Higher education in the UK faces unique challenges post-Brexit, says Harper Adams vice chancellor

David Llewellyn, vice chancellor of Harper Adams University, spoke about the challenges facing universities in the United Kingdom after British voters decided to leave the European Union. Photo by Matt Hayes / College of Agriculture and Life Sciences.

Even before Brexit, the world of higher education in the United Kingdom was undergoing significant change, centered on proposed reforms designed to introduce competition.

But the reform movement got more complicated once the U.K. voted to leave the European Union (EU), according to David Llewellyn, vice chancellor of Harper Adams University, who Oct. 18 spoke to senior leadership in the College of Agriculture of Life Sciences (CALS) about higher education and student outcomes in the current U.K. political environment.

“The university system now has to navigate issues like access to European Union research funding, the availability of staff from EU nations and the mobility of EU students,” Llewellyn said.

Llewellyn visited at the invitation of Kathryn J. Boor, the Ronald P. Lynch Dean of CALS. In addition to visiting with leadership and students, he and Boor renewed a student exchange program between the two institutions.

Llewellyn’s talk touched on university oversight as it concerns governmental research funding. He spoke about the accountability frameworks of research, teaching and knowledge exchange by which universities are evaluated.

“Universities in the UK are private institutions,” he said, “but they’re publicly supported through grant income – and the government might go so far as to say the student loan system that they introduced in 2012 is public money. Therefore, there’s public accountability that goes alongside it.”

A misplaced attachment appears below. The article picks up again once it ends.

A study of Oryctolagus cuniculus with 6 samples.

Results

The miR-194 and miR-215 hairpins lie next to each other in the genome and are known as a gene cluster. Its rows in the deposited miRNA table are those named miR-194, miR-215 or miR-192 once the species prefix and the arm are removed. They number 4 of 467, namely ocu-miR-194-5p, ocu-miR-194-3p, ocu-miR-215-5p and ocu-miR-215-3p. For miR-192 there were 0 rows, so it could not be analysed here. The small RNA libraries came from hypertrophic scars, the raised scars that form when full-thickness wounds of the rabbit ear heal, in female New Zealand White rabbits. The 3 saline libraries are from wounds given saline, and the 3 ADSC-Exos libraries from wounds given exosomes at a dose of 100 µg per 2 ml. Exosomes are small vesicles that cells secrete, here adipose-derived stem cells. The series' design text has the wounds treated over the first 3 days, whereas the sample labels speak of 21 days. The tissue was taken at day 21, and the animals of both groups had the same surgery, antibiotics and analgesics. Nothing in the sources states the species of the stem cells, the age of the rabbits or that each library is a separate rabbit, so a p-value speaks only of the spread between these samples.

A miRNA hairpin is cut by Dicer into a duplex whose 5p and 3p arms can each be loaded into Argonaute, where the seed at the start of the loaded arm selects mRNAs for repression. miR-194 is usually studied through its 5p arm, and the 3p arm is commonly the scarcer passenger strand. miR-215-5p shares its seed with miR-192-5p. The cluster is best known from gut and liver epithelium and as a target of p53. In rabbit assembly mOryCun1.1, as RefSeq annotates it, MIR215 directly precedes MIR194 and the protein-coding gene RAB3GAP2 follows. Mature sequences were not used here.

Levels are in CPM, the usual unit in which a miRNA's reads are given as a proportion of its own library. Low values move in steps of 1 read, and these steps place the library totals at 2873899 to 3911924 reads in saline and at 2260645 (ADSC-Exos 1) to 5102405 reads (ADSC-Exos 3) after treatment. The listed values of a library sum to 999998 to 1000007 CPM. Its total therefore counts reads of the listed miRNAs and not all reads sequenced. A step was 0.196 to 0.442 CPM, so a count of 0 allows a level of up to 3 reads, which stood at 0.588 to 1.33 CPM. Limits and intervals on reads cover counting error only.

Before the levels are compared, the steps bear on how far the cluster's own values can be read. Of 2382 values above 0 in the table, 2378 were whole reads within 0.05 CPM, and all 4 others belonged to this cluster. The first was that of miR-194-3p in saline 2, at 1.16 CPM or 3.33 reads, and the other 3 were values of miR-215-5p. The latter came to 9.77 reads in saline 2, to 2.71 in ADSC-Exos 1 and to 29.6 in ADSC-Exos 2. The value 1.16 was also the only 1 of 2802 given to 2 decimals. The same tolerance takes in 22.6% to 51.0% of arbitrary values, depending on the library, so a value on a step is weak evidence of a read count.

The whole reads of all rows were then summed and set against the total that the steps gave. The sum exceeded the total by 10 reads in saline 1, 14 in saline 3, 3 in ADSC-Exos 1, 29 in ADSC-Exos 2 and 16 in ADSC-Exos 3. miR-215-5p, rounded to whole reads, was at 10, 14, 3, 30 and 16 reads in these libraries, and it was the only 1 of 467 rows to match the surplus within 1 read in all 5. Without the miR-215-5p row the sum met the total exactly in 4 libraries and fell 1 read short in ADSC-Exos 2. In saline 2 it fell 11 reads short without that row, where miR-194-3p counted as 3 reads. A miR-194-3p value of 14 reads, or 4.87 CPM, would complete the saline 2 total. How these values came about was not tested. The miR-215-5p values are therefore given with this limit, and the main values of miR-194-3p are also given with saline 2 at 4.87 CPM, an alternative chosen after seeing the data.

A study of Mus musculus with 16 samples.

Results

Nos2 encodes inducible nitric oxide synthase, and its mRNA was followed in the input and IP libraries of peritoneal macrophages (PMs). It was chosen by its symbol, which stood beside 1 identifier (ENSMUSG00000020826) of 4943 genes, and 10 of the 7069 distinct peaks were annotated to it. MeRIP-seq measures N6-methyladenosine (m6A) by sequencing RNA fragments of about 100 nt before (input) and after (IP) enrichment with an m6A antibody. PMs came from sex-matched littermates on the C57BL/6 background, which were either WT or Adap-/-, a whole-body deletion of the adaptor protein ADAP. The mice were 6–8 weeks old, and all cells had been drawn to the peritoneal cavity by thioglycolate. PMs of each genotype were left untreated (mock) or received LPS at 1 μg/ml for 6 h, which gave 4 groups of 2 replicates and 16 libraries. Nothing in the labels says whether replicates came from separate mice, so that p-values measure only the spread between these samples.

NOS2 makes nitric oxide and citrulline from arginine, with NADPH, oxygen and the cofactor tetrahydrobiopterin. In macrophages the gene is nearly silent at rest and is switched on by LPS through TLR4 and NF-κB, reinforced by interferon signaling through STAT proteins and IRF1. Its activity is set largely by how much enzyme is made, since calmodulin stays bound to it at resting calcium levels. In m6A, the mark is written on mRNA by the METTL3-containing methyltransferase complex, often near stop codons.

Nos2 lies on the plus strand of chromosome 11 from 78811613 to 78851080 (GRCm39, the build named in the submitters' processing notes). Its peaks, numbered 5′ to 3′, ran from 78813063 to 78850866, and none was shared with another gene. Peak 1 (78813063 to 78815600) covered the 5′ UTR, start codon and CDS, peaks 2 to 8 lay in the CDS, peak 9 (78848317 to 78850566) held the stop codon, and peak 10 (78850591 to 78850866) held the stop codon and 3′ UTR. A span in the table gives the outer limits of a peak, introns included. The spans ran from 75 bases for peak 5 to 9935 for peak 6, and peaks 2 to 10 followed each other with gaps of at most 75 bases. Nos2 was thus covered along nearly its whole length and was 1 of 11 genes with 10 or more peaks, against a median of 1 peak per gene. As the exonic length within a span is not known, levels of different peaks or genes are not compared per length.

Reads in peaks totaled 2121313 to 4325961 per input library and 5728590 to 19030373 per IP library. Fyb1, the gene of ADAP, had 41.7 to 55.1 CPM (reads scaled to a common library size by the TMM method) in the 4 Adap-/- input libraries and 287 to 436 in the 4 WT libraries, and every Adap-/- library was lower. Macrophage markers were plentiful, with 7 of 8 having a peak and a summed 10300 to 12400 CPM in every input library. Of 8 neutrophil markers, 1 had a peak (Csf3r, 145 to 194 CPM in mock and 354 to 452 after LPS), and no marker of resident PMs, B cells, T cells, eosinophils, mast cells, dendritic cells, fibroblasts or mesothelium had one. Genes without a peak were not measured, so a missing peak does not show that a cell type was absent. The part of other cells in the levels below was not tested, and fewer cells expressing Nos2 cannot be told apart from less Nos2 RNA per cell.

Boor and Llewellyn shake hands
Dean Kathryn J. Boor and David Llewellyn, vice chancellor of Harper Adams University, shake hands after renewing a student exchange program. Photo by Matt Hayes / CALS

Harper Adams is the largest university of its kind in the U.K. and has the only agricultural engineering department. Its students participate in an apprenticeship-style learning experience, with their first two years spent at school, their third year working for an industry partner and a final year on campus to complete a project that engages their industry experience, according to Llewellyn.

In 2016, it was named “University of the Year” in the U.K. after a nationwide student vote.

Ties between Harper Adams and CALS, which share a history in faculty collaboration, have strengthened in recent years. In 2012, the institutions established an undergraduate student-exchange program partnership. Since then, 11 CALS students and 13 Harper Adams students have participated in the program. In 2016, Boor received an honorary doctorate from Harper Adams for her contributions to food science and the fields of food and agricultural higher education.

Llewellyn’s talk was punctuated by examples of his university’s work in digital agriculture – not just in traditional growing practices, but in entomology and livestock farming aspects as well. CALS is also spearheading digital agriculture research, with recent grants for cross-campus projects funded by the Cornell University Agricultural Experiment Station.

Melanie Greaver Cordova is communications coordinator for the College of Agriculture and Life Sciences.